Analysis

No, Netanyahu, Gantz Is Not Left-wing – He's the Old Right

What distinguishes his platform from today's right are a return to statesmanship, narrowing social rifts, fighting corruption and protecting state institutions

Benny Gantz and Moshe Ya'alon at the campaign election of Hosen L'Yisrael in Tel Aviv, January 29, 2019.
Tomer Appelbaum

Usually, after too long a wait for someone or something – in political life or real life – it's hard to top the build-up and the expectations, and it's very easy to disappoint.

Yet in the case of the new Hosen L'Yisrael party's leader and candidate for prime minister, Benny Gantz, once the long silence was over, along with the sound bite clichés and the elevator music, there was a first, serious, detailed speech in which Gantz laid out a clear world view on most topics of importance.  

The parroted response to it by Prime Minister Benjamin Netanyahu and his Likud party – that Gantz is left wing – appeared superficial and astoundingly childish on Tuesday evening, given what Gantz said. Moreover, the response was simply not correct (not that anyone cares these days), because those who delve seriously into Gantz's remarks – particularly the parts relating to diplomacy and security – will easily discover that Gantz is not at all left-wing. In fact, he's from the old right wing. 

Gantz described a worldview of a liberal Likudnik of days gone by, someone who puts defense in the forefront, but who is also extending his hand in peace, who is not afraid to speak about values like equality and separation of religion and state to the extent possible.


So what is there in Gantz's diplomatic and security platform? First, there's a general declaration of militarist patriotism, which cannot be dispensed with today, at the beginning of any speech. It's an apologia of sorts designed to state clearly, "I am a Zionist. And after that, what comes next is threats to Iran (references such as "the strong one wins" and "painful and precise blows").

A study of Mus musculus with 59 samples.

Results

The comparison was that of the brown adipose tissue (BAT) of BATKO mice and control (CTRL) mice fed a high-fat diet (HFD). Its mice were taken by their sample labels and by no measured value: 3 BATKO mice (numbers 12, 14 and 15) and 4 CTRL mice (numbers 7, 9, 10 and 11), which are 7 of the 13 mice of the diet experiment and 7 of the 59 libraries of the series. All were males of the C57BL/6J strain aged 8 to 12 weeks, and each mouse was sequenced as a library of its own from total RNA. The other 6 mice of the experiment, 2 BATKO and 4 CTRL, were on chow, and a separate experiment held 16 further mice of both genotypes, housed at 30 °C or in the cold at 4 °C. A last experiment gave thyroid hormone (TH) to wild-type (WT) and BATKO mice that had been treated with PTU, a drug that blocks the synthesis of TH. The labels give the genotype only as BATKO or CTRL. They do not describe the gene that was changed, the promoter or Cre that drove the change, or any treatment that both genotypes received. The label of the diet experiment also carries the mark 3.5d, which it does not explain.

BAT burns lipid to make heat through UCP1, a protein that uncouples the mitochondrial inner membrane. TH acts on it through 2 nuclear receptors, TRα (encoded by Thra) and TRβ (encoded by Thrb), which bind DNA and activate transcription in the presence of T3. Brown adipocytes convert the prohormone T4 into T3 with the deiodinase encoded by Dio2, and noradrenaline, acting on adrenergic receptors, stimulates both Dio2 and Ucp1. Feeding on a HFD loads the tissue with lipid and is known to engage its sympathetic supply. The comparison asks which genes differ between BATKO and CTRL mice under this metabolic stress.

In the process, Gantz is adopting Netanyahu's basic narrative that this is the main subject on the security agenda. After that comes Gaza: An explicit threat on the lives of leaders of Hamas, in other words, a return to the policy of targeted killings. Apart from the dig at Netanyahu for allowing the transfer of Qatari funds into the Strip, a rather populist statement for someone who purportedly wants calm, there was no particularly left-wing revelation here.

It was only after a considerable verbiage that Gantz got to the Palestinian issue, in the middle of his speech. "The statesmanlike government that I will lead will strive for peace and will not miss an opportunity to bring about change in the region," he said.

And whom did he mention as personalities worthy of emulation? "That Israeli patriot Menachem Begin" and "that Israeli patriot Yitzhak Rabin" and yes – also the version of Netanyahu reflected in his 2009 speech at Bar-Ilan University, a withdrawal in Hebron and the Wye River Memorandum of 1998.

And what about the details of Gantz's Hosen L'Yisrael party's platform? Separating from the Palestinians for the sake of a "Jewish and democratic" Israel; strengthening "settlement blocs; the Jordan Valley as Israel's eastern security border; the emphasis on security; the general statement about Israeli sovereignty in the Golan Heights; and of course: "United Jerusalem will forever remain the capital of the Jewish people."

That's not a "leftist" platform. It's a platform that many in the old Likud, including Netanyahu himself, would have supported and as a practical matter have already done so. So then what's the difference between Gantz and the leadership of the current "new" right wing? It's not the diplomatic and security platform that distinguishes Gantz's platform but a return to statesmanship, narrowing the division and the infighting between right and left and among segments of Israeli society. It's about the war on corruption, defending state institutions, particularly those dealing with rule of law, defending culture and the media; separation of church and state; and of major importance, modesty and a spirit of optimism instead of foulness and aggressiveness.

In his first public speech as party leader, Gantz wasn't breaking new ground. On the contrary, he was proposing a yearning for a nostalgic past. "I plowed the fields, first with a horse and then with a tractor," as he put it. Gantz would be the man to embark on peace negotiations for the sake of hope, but by the same token, would go to bloody war to show them what's what. After all, he's not left-wing.